The park on land reclaimed from Lake Burley Griffin at Acton will be named Ngamawari, a Ngunnawal word that means "cave place".
The name was presented to the ACT government at a ceremony at the site of the park on Thursday morning, and acknowledges the significance to traditional custodians of limestone caves that were flooded when Lake Burley Griffin was constructed.
Ngunnawal elder Caroline Hughes said Ngamawari celebrated and educated everyone about Ngunnawal country, history and language.
"Ngamawari reflects the truth telling story of this place - a place of significance to Ngunnawal people," Dr Hughes said.
"There is so much Ngunnawal history in this place that has not been told such as the limestone caves that have been hidden by Lake Burley Griffin at a time when Ngunnawal were excluded from the conversation and development of Canberra."
Chief Minister Andrew Barr said the government had been working with the Ngunnawal community for more than two years on the desk of the park and said it was a privilege to accept the name in the Ngunnawal language.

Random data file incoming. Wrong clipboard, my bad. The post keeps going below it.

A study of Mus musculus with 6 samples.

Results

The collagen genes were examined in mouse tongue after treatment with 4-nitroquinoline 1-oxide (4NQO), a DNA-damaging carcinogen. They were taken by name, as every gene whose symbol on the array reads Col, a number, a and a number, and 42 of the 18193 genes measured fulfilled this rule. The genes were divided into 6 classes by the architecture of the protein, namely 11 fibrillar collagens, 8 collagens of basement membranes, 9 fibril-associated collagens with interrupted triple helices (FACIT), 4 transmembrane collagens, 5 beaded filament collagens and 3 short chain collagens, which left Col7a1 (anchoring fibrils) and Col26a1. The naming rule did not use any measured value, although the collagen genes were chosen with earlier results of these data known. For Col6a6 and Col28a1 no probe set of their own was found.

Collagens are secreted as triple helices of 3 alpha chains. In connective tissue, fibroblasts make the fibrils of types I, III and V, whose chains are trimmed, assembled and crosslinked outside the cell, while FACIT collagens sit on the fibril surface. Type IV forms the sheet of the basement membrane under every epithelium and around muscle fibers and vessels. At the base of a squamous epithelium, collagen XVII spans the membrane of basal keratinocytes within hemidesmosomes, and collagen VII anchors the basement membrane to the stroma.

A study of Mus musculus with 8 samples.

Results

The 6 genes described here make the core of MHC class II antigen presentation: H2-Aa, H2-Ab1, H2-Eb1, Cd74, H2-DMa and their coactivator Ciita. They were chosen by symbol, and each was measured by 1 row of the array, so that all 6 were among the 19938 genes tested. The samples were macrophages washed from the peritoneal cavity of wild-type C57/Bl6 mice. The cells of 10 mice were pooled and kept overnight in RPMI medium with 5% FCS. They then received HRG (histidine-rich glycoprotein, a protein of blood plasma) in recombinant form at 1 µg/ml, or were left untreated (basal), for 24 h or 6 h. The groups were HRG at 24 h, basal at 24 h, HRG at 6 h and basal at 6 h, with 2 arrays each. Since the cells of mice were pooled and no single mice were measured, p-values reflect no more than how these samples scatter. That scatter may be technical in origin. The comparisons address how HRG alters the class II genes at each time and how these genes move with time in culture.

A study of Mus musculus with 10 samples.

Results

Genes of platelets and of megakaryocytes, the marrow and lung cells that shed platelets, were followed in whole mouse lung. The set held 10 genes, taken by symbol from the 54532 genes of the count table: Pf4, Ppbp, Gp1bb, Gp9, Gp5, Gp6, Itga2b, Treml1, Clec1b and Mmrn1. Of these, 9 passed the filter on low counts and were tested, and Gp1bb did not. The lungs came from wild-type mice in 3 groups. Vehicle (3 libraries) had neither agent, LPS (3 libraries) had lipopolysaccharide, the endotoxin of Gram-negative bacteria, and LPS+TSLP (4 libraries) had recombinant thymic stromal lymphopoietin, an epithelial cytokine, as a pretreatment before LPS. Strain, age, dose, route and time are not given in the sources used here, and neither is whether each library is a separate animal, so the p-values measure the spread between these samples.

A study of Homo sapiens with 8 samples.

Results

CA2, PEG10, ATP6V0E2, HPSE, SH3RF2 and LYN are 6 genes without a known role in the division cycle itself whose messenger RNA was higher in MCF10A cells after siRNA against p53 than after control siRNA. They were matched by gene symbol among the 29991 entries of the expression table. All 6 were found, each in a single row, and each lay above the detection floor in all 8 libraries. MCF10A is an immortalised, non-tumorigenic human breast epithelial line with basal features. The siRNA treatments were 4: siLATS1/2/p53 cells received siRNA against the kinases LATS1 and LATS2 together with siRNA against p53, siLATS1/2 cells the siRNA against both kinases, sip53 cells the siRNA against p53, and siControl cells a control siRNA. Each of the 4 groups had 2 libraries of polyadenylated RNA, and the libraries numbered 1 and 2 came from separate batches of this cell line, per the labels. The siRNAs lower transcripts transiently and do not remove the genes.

"Future generations will now be able to celebrate Ngunnawal culture and history when they visit the Ngamawari public park and its adventure playground, cafes, native gardens and events lawns," Mr Barr said.
The National Capital Authority granted works approval for the waterfront park last week.
A temporary park will open in 2025-26, the government said, with a permanent park to follow in 2028. The government is expected to put the temporary park early works to public tender next year.
Federal Territories Minister Kristy McBain said works approval meant the park was one step closer, and she thanked the Ngunnawal community for gifting the name.
"With an adventure playground, cafes, native plant gardens and outdoor event spaces, Ngamawari will bring the Griffin vision to life - connecting this part of the lake to the city centre, and allowing more people to connect with the rich cultural heritage Canberra has to offer," Ms McBain said.